Steve Cauthen, ‘The Kentucky Kid’, took race-riding in Britain by storm when he arrived in 1979. Leading racing historian Michael Tanner pays tribute to his legacy on the eve of publication of his new book on the jockey, Steve Cauthen: English Odyssey
When Caesar boasted ‘Veni, vidi, vici’ he left us one of the most familiar Latin phrases: I came, I saw, I conquered.
One hopes the dictator won’t take umbrage from beyond the funeral pyre, however, if his declaration is put into the third person singular to salute Steve Cauthen’s conquest of the English Turf in the last quarter of the 20th century.
Not since Tod Sloan revolutionised race-riding in England 100 years earlier had an American jockey carved out an imperishable legacy like Cauthen.
Sloan brought with him a new style of riding and racing that exposed flaws in our jockeys. Not for him a policeman’s seat: he crouched behind his horse’s neck, a low and streamlined seat promoting greater speed. And he caught our riders napping by forcing the pace from the gate instead of joining them in the English fashion of dawdling and coming with a late rush.
However, fashions changed and, though not so exaggerated as of old, English races again became characterised by lack of early pace during the passage of the 20th century. Cauthen’s arrival in 1979 was akin to the second coming of Sloan.
Cauthen’s back was so low and flat one could barely spot him from head-on: his legs and trunk angled like a human paper clip. And confident in his ability to judge pace to his benefit and the detriment of others, he revived the art of winning from the front.
By the time he retired in 1992 his trademark seat and his willingness to employ forcing tactics had been adopted in one way or another by virtually every leading jockey in the country. Truly: he came, he saw, he conquered.
Any fan of the Turf had heard of Steve Cauthen before his arrival. He was ‘Stevie Wonder’; ‘The Six Million Dollar Man’; ‘The Kentucky Kid’ who’d taken American racing by storm as a teenager before a 110-ride streak of losers plunged him to the brink of a professional abyss.
But in my case a deep interest in his talents developed once I began clocking and writing about sectional times in the mid-1980s. One came to appreciate more fully the uncanny gifts of this supremely talented jockey. The clock became the prism through which Cauthen’s talents might be assessed as objectively as the smoothness of his riding style pleased the naked eye. Sectional times were our magnifying glass.
Switching from Eastern Standard Time to British Summer Time didn’t cause much disruption to the ‘clock in his head.’ Cauthen soon got to grips with the diversity of English tracks and it quickly became apparent that he rarely, if ever, misjudged the pace; it was as if Cauthen had the finest chronometer ticking away under his skull cap. If any rider deserved to be nicknamed ‘Nobody’ it was Steve Cauthen. Why? Because ‘Nobody’s perfect’.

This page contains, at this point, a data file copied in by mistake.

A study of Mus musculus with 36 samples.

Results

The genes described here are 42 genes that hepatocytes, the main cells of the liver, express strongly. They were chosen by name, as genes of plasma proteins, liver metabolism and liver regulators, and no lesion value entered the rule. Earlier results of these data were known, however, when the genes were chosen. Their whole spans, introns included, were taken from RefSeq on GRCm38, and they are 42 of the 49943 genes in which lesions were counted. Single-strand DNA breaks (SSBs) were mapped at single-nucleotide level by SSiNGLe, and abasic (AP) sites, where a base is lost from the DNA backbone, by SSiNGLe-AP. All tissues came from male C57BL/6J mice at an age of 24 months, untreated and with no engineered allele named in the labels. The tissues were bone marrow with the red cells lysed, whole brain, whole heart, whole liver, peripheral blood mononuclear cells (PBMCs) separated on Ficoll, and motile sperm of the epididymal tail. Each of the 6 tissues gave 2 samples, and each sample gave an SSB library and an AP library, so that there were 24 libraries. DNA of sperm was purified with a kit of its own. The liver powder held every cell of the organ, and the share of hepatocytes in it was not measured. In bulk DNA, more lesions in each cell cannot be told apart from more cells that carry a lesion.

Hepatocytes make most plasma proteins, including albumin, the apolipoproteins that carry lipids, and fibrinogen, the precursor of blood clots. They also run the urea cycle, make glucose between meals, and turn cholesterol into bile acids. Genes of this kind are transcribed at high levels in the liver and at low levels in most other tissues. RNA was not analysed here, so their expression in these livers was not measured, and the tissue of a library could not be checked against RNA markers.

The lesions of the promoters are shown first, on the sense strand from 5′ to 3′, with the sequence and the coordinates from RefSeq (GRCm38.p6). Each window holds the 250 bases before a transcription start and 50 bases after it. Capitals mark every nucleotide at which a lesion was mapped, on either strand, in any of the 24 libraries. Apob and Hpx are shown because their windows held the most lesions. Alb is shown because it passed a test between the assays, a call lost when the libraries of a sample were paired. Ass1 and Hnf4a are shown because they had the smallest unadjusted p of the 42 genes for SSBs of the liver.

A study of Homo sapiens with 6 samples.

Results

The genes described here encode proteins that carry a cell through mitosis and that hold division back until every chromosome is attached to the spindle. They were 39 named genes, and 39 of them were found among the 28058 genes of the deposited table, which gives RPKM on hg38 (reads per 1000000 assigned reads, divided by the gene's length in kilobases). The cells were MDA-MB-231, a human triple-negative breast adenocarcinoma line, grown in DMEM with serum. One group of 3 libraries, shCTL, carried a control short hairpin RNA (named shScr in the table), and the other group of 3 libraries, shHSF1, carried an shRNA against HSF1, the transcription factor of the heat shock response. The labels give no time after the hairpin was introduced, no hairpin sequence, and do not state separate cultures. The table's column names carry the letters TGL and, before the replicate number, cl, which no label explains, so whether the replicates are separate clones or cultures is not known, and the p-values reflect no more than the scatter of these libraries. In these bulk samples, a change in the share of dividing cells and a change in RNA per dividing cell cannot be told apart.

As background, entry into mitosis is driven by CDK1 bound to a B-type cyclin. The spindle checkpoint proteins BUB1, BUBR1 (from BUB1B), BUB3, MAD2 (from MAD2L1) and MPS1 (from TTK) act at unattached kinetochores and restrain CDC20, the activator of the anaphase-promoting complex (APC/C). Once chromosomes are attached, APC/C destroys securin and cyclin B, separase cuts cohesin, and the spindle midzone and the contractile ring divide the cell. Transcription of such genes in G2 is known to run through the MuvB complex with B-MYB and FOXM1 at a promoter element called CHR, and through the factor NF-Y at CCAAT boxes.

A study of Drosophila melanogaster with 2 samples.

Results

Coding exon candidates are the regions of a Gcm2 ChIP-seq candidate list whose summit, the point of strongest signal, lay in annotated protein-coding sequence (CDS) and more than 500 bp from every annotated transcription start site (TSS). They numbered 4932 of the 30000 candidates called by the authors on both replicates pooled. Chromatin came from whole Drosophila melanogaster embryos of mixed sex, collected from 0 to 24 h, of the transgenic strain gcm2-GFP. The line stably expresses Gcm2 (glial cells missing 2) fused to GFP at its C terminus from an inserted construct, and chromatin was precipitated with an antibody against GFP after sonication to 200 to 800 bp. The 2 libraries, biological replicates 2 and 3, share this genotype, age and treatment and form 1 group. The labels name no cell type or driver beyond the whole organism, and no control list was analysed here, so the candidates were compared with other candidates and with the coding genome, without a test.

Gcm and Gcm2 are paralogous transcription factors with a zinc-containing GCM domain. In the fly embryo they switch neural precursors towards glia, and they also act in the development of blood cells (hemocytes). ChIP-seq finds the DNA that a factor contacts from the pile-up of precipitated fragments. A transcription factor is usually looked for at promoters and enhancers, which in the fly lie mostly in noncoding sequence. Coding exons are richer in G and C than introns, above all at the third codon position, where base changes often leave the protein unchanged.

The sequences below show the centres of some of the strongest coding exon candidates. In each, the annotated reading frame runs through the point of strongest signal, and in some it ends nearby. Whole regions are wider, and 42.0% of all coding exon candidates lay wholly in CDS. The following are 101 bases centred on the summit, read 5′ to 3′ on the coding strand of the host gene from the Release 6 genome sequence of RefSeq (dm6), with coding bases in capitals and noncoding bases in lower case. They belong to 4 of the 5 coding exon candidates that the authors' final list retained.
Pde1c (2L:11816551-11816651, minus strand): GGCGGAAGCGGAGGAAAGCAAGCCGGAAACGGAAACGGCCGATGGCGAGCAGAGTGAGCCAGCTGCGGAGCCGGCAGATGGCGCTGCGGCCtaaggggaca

The American possessed other qualities that set him aside from his colleagues in English weighing rooms; for one, hands looking more suited to holding a pick-axe instead of a set of reins down which the rider transmits the most sensitive of messages, belied their heft to gossamer effect. Yet Cauthen’s understanding of pace was his most sublime trait.
Consequently, Steve became a godsend to the columns based on sectional timing that I contributed to Turf newspapers and periodicals – and led me to assisting Channel 4 racecallers Simon Holt and Graham Goode with in-running fractions that told them whether the pace was fast or slow.
The jockey must be able to read the pace and adjust to its ramifications, quite literally, on the hoof. Once the gates slam open he’s on his own. Judgement and coolness are the only currency with any value now. And you could bank on Steve Cauthen. He was as safe as the Old Lady of Threadneedle Street.
I lost count of the numerous occasions I attributed victory to the ‘clock’ in Cauthen’s head – a veritable Rolex among a tray of Mickey Mouse timepieces.
The majority of Group 1 races over a mile and a half, for instance, will see at least one pacemaker in the field. But Cauthen’s acute sense of pace made a pace-making stablemate superfluous: twice in three years, the peerless American cut out his own pace to win the Derby on a front-runner.
Steve Cauthen, unlike Caesar, was no braggart. Modesty became him. Often he confessed to feeling uneasy with being labelled some kind of ‘god’ just because he won horse races. Nevertheless, to us railbirds there was something joyous about watching how Cauthen applied the guile and the horse supplied the power to leave us believing in centaurs.
He dazzled us with talents based on an acute understanding of the thoroughbred and its foibles that only materialises when horseman and jockey are one and the same – which is not always the case. The extraordinary thing was Cauthen made the extraordinary happen so regularly the extraordinary seemed normal.
Cauthen may or may not have been a genius – whatever that means – in the saddle. But if he was a genius, he was one of the few of that ilk both intelligent and articulate enough to give us some explanation as to how he worked his wonders.
For that alone the English racegoer must give thanks because many of our great jockeys burdened with ‘genius’ down the centuries, from Fordham and Archer to Piggott and Eddery, have struggled to translate their philosophy or methodology into words. But it is Steve Cauthen’s words that provide the warp to the weft provided by sectional timing throughout this book.
We in England may not have claimed Steve Cauthen as one of our own for long, but for as long as it lasted it was a blast of fresh air. And that’s why it demanded recording in print.
Venit, vidit, vicit.
• Michael Tanner’s Steve Cauthen: English Odyssey (with a foreword by Cauthen) will be published shortly.